But there are cases in which judgment should trump math, such as when converting from an IV to an oral regimen. We frequently see patients in the clinic requesting refills for more than 100 mg of hydromorphone because “that’s what I was on when I was hospitalized and on the pump.” If the IV-to-oral conversion leaves you prescribing high doses of oral opioids, plan for a rapid taper and a smooth handoff to the outpatient setting.
One strategy to decrease an error in math and judgment is to use IV PCAs as infrequently as possible if a patient isn’t post-operative and they are able to take oral meds. And never hesitate to consult with your inpatient pharmacist or a chronic pain specialist.
For a low-risk chronic pain patient on low-dose opioids, don’t change the regimen, even if the indication for opioids isn’t clear.
Although it is tempting to become an opioid prohibitionist, if a patient has been taking an opioid for years and is functioning, working, compliant, and has no risk factors for complications from COT, it is likely fine to continue their current regimen. Touch base with the primary opioid prescriber, and if you’re concerned, use some of the monitoring instruments described earlier (PMP, urine drug screen, opioid treatment agreement, pill counts).
If a patient has pain all the time, they need to be on a medication that works all the time.
A good pain history followed by a good neurological and mental health assessment is of incalculable value, especially because physicians often underestimate a patient’s pain intensity and its impact on a patient’s quality of life.5,6 A patient’s pain intensity, quality of life, and function can be dramatically improved by starting a long-acting medication for “constant pain.”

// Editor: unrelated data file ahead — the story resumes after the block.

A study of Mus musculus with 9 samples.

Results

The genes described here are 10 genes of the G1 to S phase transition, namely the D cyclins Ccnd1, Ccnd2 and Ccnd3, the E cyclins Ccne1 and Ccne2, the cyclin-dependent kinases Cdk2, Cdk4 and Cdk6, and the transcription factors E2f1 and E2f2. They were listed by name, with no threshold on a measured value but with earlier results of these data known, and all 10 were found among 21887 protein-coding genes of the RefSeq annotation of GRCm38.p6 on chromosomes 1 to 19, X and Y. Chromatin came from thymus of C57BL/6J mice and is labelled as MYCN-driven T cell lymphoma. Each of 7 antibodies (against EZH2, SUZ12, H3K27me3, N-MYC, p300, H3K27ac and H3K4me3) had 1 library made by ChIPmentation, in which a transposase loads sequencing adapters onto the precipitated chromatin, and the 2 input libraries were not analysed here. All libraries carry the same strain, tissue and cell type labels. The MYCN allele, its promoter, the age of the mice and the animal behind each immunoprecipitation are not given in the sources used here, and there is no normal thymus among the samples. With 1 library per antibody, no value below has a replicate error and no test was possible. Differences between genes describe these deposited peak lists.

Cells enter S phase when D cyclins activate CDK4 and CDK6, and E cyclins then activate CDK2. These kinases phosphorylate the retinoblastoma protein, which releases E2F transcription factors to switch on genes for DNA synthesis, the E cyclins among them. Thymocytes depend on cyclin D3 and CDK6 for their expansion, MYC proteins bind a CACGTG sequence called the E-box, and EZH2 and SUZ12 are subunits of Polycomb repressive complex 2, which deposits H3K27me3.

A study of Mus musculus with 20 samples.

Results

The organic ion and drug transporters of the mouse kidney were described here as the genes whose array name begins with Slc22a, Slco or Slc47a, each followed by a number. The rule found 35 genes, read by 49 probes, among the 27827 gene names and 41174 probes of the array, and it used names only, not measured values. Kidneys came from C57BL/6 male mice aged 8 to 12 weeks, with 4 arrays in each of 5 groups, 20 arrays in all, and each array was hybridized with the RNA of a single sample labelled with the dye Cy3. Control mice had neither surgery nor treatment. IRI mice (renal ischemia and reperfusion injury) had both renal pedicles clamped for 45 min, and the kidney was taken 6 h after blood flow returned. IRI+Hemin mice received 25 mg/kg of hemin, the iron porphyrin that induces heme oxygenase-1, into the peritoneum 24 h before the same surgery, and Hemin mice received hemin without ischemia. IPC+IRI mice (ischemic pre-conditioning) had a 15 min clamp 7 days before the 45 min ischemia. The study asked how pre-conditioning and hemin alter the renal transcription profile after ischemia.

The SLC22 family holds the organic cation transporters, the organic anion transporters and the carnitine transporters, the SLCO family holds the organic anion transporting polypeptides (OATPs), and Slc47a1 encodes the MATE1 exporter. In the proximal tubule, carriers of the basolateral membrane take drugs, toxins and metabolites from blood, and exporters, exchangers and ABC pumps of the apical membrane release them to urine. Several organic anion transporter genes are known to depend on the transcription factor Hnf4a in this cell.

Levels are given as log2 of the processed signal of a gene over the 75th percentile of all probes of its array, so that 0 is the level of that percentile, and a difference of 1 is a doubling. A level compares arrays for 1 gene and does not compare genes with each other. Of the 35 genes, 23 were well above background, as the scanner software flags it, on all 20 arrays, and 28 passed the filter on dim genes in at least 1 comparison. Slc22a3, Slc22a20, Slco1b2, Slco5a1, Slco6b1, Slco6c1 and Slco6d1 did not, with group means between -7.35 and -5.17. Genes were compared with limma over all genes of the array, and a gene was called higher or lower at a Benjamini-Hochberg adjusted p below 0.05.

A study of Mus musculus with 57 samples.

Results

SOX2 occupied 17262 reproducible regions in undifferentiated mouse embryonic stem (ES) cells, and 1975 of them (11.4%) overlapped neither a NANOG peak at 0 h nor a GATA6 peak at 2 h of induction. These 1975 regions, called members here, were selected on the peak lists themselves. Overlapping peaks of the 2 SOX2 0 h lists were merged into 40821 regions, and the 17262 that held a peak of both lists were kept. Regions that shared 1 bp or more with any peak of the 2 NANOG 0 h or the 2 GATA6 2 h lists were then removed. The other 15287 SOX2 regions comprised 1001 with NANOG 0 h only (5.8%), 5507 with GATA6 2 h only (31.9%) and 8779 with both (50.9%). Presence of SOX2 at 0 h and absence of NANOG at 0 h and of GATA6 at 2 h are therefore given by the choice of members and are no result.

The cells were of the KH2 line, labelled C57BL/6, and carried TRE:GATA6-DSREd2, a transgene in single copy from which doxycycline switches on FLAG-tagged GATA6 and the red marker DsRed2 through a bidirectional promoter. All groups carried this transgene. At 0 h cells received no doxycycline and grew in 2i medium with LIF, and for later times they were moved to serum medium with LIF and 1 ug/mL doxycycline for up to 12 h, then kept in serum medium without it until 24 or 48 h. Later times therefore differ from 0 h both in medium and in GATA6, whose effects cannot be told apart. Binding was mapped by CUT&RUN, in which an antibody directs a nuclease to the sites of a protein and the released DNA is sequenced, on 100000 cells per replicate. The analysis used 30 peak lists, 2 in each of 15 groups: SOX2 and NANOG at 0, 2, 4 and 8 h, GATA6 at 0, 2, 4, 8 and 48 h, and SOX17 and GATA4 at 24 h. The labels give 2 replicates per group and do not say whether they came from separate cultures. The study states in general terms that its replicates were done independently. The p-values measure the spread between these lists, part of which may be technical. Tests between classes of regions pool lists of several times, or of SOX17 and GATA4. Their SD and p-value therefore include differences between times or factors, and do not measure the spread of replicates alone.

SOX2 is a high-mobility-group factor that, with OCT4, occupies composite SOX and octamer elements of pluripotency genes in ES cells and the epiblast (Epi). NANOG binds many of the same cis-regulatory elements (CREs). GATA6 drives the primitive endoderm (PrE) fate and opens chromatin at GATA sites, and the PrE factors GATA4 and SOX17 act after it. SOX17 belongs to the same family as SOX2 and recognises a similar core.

If a patient hurts “24 hours a day” and cannot function on hydrocodone/acetaminophen 10/325 QID, it’s probably because they are constantly reacting to spikes in pain and using a “some of the time” medicine to treat “all the time” pain. Switching to a long-acting medication—and it doesn’t have to be an opioid—could improve control and decrease how much narcotic the patient needs.
If you choose a long-acting opioid (in this case, you could try morphine sulphate extended-release 15 mg BID and satisfy 50% of the hydrocodone need), then you could titrate slowly upwards to where the patient would not need hydrocodone. If the patient still had uncontrolled pain, then either morphine is the wrong compound for them or they are benefiting from the “nonanalgesic properties” of the opioids.
Give the patient the benefit of the doubt; because of genetic polymorphisms, a patient may need several opioid rotations before the right opioid compound is found.
Dr. Schultz is a hospitalist and assistant professor in the department of internal medicine at the University of Miami Miller School of Medicine. She is board-certified in hospice and palliative care and specializes in chronic pain management. Dr. Ajam is a hospitalist and a clinical assistant professor in the department of anesthesiology at Wake Forest University Baptist Medical Center and the Carolinas Pain Institute. He is board-certified in chronic pain management.
- Garrettson M, Ringwalt C. An evaluation of the North Carolina controlled substances reporting system: part II impact evaluation, January 2013. PDMP Center of Excellence website. Available at: http://pdmpexcellence.org/sites/all/pdfs/NC_control_sub_eval_pt_2.pdf. Accessed Sept. 3, 2013.
- Kung HC, Hoyert DL, Xu JQ, Murphy SL. Deaths: Final data for 2005, national vital statistics reports; Vol. 56 No. 10. Hyattsville, Md.: National Center for Health Statistics; 2008.
- Porter J, Jick H. Addiction rare in patients treated with narcotics. N Engl J Med. 1980;302(2):123.
- American Society of Addiction Medicine; personal communication, 2013.
- Mäntyselkä P, Kumpusalo E, Ahonen R, Takala J. Patients’ versus general practitioners’ assessments of pain intensity in primary care patients with non-cancer pain. Br J Gen Pract. 2001;51(473):995-997.
- Petersen MA, Larsen H, Pedersen L, Sonne N, Groenvold M. Assessing health-related quality of life in palliative care: comparing patient and physician assessments. Eur J Cancer. 2006;42(8):1159-1166.